Hanover Going Private? Not So Fast, Say Shareholders

Two shareholders have filed a class action lawsuit against the move to take multititle cataloger Hanover Direct private.

The suit, filed in the Court of Chancery of the State of Delaware in and for New Castle County, alleges that the defendants breached their fiduciary duty to Hanover shareholders and seeks class certification, an injunction of the going private transaction, rescission and rescissory damages if the transaction goes forward, and unspecified damages and costs.

The plaintiffs in the case, Glenn Freedman and L.I.S.T., named Hanover Direct, Chelsey Direct, Stuart Feldman, William B. Wachtel, Wayne B. Garten, Paul S. Goodman, Donald Hecht, David Brown, and Robert Masson as defendants in the suit. Patricia Weiser, the plaintiff’s attorney, would not comment on pending litigation. In a March 7 company release, Hanover said it not yet been served with the lawsuit and believes it has no liability in the case.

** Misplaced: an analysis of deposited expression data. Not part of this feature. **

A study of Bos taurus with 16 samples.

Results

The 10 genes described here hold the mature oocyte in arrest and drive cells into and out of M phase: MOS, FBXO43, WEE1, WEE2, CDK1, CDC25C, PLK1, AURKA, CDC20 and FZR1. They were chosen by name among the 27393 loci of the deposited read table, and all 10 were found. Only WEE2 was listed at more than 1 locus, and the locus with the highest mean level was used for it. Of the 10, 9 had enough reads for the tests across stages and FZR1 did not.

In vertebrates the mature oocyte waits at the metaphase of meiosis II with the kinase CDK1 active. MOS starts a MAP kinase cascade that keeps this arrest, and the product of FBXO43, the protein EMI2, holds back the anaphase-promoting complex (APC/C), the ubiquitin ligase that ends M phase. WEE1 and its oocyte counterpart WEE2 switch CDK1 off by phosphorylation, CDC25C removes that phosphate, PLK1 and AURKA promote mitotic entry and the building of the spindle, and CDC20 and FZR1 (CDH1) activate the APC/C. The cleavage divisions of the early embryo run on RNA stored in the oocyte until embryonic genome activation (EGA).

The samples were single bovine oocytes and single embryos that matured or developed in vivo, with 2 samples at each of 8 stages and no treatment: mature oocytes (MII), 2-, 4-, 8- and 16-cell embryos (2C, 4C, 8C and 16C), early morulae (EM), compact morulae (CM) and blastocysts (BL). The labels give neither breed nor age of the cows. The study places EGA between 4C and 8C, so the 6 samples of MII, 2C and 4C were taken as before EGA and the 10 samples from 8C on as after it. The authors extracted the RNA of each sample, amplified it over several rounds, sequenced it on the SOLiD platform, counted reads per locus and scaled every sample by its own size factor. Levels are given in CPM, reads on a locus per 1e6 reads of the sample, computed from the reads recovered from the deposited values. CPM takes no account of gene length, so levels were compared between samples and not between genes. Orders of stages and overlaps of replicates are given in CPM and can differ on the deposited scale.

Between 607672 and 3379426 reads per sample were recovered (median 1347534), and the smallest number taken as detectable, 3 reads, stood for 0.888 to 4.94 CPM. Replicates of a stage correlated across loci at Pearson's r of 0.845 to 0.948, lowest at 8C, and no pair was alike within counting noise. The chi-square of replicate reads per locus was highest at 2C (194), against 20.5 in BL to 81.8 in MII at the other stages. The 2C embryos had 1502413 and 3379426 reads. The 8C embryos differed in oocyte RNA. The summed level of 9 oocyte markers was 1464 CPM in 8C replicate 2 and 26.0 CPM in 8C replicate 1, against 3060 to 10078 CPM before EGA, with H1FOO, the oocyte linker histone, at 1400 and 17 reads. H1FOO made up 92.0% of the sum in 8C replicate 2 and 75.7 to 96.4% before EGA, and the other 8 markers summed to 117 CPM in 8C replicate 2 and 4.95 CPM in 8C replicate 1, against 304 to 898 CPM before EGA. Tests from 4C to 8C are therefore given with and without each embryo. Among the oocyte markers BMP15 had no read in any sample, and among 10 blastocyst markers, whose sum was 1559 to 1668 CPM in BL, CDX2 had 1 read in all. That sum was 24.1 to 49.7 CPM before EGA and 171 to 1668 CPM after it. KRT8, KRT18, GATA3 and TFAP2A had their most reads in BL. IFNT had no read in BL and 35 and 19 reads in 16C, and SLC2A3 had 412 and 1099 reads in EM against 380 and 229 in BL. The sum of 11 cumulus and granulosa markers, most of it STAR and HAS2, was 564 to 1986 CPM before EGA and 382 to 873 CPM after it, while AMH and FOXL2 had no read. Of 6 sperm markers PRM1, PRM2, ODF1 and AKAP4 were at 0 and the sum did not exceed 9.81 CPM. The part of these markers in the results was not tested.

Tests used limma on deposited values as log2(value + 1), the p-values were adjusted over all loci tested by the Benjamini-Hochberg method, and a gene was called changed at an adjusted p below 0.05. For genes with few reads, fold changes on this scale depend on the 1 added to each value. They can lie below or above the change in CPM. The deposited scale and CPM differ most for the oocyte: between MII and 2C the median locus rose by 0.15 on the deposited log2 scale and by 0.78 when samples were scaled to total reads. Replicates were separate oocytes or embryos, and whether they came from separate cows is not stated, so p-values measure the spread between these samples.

The suit stems from the Feb. 27 announcement that Weehawken, NJ-based Hanover Direct received a proposal from Chelsey Direct, its largest shareholder, to take the company private—but at a far-from-premium price. Chelsey Direct offered to acquire all shares of company stock it doesn’t already own for $1.25 a share. On Feb. 23, the day the offer letter from Chelsey was dated, the share price had opened at $2.10 and closed at $2.75.

Chelsey Direct already owns approximately 69% of Hanover Direct’s common stock and 100% of the company’s Series C preferred stock; it controls 91% of the voting shares of Hanover, according to documents filed with the Securities and Exchange Commission. In the offer letter, Chelsey says it wants to take Hanover private due to the financial drain and what it sees as limited benefits of remaining a public company. Hanover’s board of directors has not yet reviewed this proposal.